Under the terms of the coalition's draft NPPF, on which a consultation ends this month, councils would be expected to grant permission for "sustainable" development where a local plan is "absent, silent or indeterminate".
Research published by the Campaign to Protect Rural England found that 48 per cent of councils are unlikely to have an up-to-date core strategy in April, when the planning reforms are due to be implemented. The group warned that the reforms would mean that areas without local plans would be "more or less up for grabs".
Speaking on separate occasions at the Tory Party conference, both junior planning minister Bob Neill and decentralisation minister Greg Clark said that the government "will put in place" transitional arrangements to support councils without an up-to-date local plan.
Neither minister would be drawn on how these arrangements might work, but Clark told Planning that ministers are considering a range of proposals beyond simply giving councils more time to finalise plans.
Also speaking to Planning at the conference in Manchester, communities secretary Eric Pickles said that there had been a "fundamental misunderstanding" of what the coalition is trying to achieve through its planning reforms.
The communities secretary insisted that the coalition is "very close to the green groups", despite concerns raised by environmental lobby groups over the NPPF.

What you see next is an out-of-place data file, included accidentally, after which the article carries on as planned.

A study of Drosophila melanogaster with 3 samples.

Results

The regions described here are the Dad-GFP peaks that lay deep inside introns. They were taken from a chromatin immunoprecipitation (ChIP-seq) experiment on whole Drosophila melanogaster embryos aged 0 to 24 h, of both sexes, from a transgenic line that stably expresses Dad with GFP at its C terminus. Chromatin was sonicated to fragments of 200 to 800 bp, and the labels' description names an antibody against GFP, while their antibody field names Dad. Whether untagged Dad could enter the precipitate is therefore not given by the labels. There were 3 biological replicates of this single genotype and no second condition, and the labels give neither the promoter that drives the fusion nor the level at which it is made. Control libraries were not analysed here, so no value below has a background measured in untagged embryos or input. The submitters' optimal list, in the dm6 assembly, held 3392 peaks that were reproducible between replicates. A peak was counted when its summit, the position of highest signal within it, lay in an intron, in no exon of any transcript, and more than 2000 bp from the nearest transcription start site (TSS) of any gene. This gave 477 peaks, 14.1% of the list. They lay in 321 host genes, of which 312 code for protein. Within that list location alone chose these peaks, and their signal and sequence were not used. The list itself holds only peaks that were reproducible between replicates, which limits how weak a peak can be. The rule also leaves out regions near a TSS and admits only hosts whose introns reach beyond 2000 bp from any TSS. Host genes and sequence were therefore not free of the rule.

He said: "I think we are actually very close to the green groups. But there has been a fundamental misunderstanding of what we are intending to do [through the NPPF]. We do want to protect the green belt – while at the same time helping to support the economic growth of the countryside, and of towns and cities.
"Even in cities you can find ways of creating green spaces - just look at Manchester: it’s a big city that still has lots of green space."
Pickles also insisted that there is a huge appetite for communities and local people to get involved in planning. He said: "What I think we want is for communities to be the ones to decide what their places should look like and how many new houses should be built. Yes, they want to get involved in planning, and no, planning should not be something left to the professionals."
Friday’s print issue of Planning will contain more coverage of the transitional arrangements pledged by Clark and Neill.